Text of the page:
Ten Classic Caribbean Cocktails

With their power to provide tropical escape in a glass, the Caribbean's classic cocktails have entered the modern canon for good. From the Hemingway Daiquiri to the Corn 'n' Oil, here are ten warm-weather recipes to usher in warmer weather.

Planter's Punch: The quintessential tropical punch. [Recipe]

Hemingway Daiquiri: Papa's favorite, to be drunk in doubles. [Recipe]

Ti' Punch: Martinique’s take on the Old Fashioned. [Recipe]

Airmail: A Caribbeanized French 75. [Recipe]

Painkiller: Rum and coconut to cure whatever ails you. [Recipe]

Royal Bermuda Yacht Club: A tiki-fied Daiquiri from Trader Vic. [Recipe]

Cuba Libre: The perfect marriage of Cuba and America’s liquid sensibilities. [Recipe]

Dark 'n' Stormy: Bermuda's unofficial official drink. [Recipe]

Mojito: From classic Cuban cocktail to Miami club drink, and back again. [Recipe]

Corn 'n' Oil: The Dark ‘n’ Stormy’s brooding cousin. [Recipe] [Photo: Ed Anderson

The influence of the Caribbean on cocktails is undeniable: Since the early 20th century, when many of these recipes were mixed into fruition, island-born beverages have been working their way into the canon of land-locked classic drinks. With their inherently beach-side flavors, all bright citrus and mellow spirits, these recipes demand to be drunk during the heat of late summer.

There are the Cuban staples—the MojitoCuba Libre and the Hemingway Daiquiri—all of them reflective of different times in Havana’s history, as well as the legacy of one of the world’s most legendary drinkers; Bermuda’s Dark ‘n’ Stormy and its brooding, bitters-spiked cousin, the Corn ‘n’ Oil; and, of course, Martinique’s answer to the Old-Fashioned: the Ti’ Punch, one of the most under-appreciated classic drinks.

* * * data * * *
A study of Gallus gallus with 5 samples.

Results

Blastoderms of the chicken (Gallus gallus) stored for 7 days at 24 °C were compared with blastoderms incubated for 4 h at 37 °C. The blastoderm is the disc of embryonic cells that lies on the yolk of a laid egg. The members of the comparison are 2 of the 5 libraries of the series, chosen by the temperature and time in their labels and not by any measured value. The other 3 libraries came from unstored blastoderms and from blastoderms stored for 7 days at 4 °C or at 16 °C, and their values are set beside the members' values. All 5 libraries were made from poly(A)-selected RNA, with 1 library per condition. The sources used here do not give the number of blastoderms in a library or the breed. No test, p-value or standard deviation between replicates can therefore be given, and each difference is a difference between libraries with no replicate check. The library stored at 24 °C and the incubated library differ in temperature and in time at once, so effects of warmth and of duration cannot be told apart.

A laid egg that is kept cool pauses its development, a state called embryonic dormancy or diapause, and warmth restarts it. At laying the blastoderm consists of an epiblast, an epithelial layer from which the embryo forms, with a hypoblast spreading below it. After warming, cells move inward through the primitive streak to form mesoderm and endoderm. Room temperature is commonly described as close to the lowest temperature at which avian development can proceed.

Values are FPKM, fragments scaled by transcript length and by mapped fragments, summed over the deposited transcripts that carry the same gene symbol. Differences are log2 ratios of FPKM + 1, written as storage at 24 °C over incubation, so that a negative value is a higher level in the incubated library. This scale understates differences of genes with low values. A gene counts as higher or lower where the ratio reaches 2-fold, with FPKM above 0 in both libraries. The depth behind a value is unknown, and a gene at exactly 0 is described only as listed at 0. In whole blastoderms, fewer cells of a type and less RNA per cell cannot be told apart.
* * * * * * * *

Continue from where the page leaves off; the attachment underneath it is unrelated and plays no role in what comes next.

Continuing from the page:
The Caribbean has also become a feeder for some of the most beloved tiki drinks, from the Virgin Islands’ Painkiller to the West Indies’ Planter’s Punch to the Trader Vic’s original, Royal Bermuda Yacht Club. And while the exact origins of the rum- and Champagne-spiked Airmail are difficult to pinpoint—the recipe first appeared in Bacardi pamphlets from the 1930s—there’s no denying it was inspired by the tropics.

Whether the modern tropical drink boom sticks or fades, these Caribbean classics have proven that they have staying power—and an uncanny ability to provide escape through that simple, winning combination of citrus and rum.